McAfee executive says Cork staff play vital role in IT security firm

Future of IT security sector will look at growing connectedness

McAfee  and frequently sends complex security problems to its Cork site for resolution, McAfee  Chief Information Officer Patty Hatter has said. Photo: Bloomberg

McAfee and frequently sends complex security problems to its Cork site for resolution, McAfee Chief Information Officer Patty Hatter has said. Photo: Bloomberg

 

IT security firm McAfee highly values its Irish operation and frequently sends complex security problems to its Cork site for resolution, McAfee Chief Information Officer Patty Hatter said yesteday.

Ms Hatter revealed that Cork, as McAfee’s Europe, Middle East and Africa (EMEA) HQ, is a vital part of the Intel owned antivirus company which is headquartered in Santa Clara in California but also has operations in Plano, Texas and Bangalore in India.

“Cork is our central location for EMEA geography and the office has grown significantly in the ten years we have been here, not just in size from 40 staff in January 2005 to our current staff of 350 but also in scale,” said Ms Hatter.

“And I was quite serious when I mentioned how we often say in Santa Clara if we have a problem, ‘Okay, let’s bring this to Cork, let’s figure it out in Cork’ because the mindset of the teams here, the ability to think through very complex problems is very impressive.”

Ireland has been a great strength to the company, I see some similarities between Cork and Silicon Valley with Cork’s willingness to take on new challenges, the diversity of skills sets and the ability to draw people from different countries with multiple language skills.”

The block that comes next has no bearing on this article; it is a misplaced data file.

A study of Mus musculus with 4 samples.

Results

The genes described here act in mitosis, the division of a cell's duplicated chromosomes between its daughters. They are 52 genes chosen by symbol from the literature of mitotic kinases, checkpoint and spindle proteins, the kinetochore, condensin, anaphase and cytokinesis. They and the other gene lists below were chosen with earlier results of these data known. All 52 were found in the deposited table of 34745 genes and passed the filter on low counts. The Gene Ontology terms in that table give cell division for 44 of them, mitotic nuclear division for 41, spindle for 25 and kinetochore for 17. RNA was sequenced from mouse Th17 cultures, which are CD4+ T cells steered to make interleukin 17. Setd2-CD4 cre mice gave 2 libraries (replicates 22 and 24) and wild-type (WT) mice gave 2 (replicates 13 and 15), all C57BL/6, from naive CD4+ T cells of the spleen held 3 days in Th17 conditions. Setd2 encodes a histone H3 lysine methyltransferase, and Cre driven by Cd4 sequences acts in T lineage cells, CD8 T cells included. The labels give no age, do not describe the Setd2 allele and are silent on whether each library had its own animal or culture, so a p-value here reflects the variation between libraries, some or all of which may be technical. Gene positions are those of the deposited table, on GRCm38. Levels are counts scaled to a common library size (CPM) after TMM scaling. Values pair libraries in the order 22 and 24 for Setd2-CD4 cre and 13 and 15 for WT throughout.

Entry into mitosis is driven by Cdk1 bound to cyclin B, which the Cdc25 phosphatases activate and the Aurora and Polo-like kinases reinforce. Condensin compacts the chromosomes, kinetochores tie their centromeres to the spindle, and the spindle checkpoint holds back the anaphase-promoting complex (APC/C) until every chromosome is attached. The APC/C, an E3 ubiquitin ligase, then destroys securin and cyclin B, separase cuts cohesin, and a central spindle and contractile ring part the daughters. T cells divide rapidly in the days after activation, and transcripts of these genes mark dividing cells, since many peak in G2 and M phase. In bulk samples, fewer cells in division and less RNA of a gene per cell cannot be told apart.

Ms Hatter, who was speaking during a visit to the Cork site, instanced the role that the Cork staff under Senior Director of Operations EMEA, Tim Daly played in the company’s acquisition of Finnish software company, Stonesoft in 2013 for $389 million.

Asked about future trends within IT, Ms Hatter said the main focus in IT security in the coming years will be on cloud technology and the increasing “connectedness” which will see some 50 billion devices worldwide connected to the Internet by 2019.

“When you look at the technologhy trends - the level of connectedness offers both opportuntity and problems. The whole cloud space is a big area - traditionally companies had perimeters, they kept their data inside their networks and that’s just not the case any more.

“When you look at public clouds, private clouds, the multititude of SaaS (Software as a Service) providers, there’s a reason that companies go in that direction - the speed of enabling the business, the cost-effectiveness of using those type of technologies are very compelling.

“But all of a sudden, all your data is out there and the cloud is now the new normal and we have to ask how can we help ... It means that companies like McAfee and other security companies need to look at how we protect our customers in a fast changing enviroment.”

Ms Hatter instanced recent security breaches at American retailers, Target and Nieman Marcus in the last 12 months where hackers obtained millions of credit card details as highlighting the importance of proper internet security for companies.

“Those breaches have made security much more top of mind for folks but you have to recognise the fluidity of the security space and realise how connected the technologies are and that’s going to accelerate over the next few years,” she said.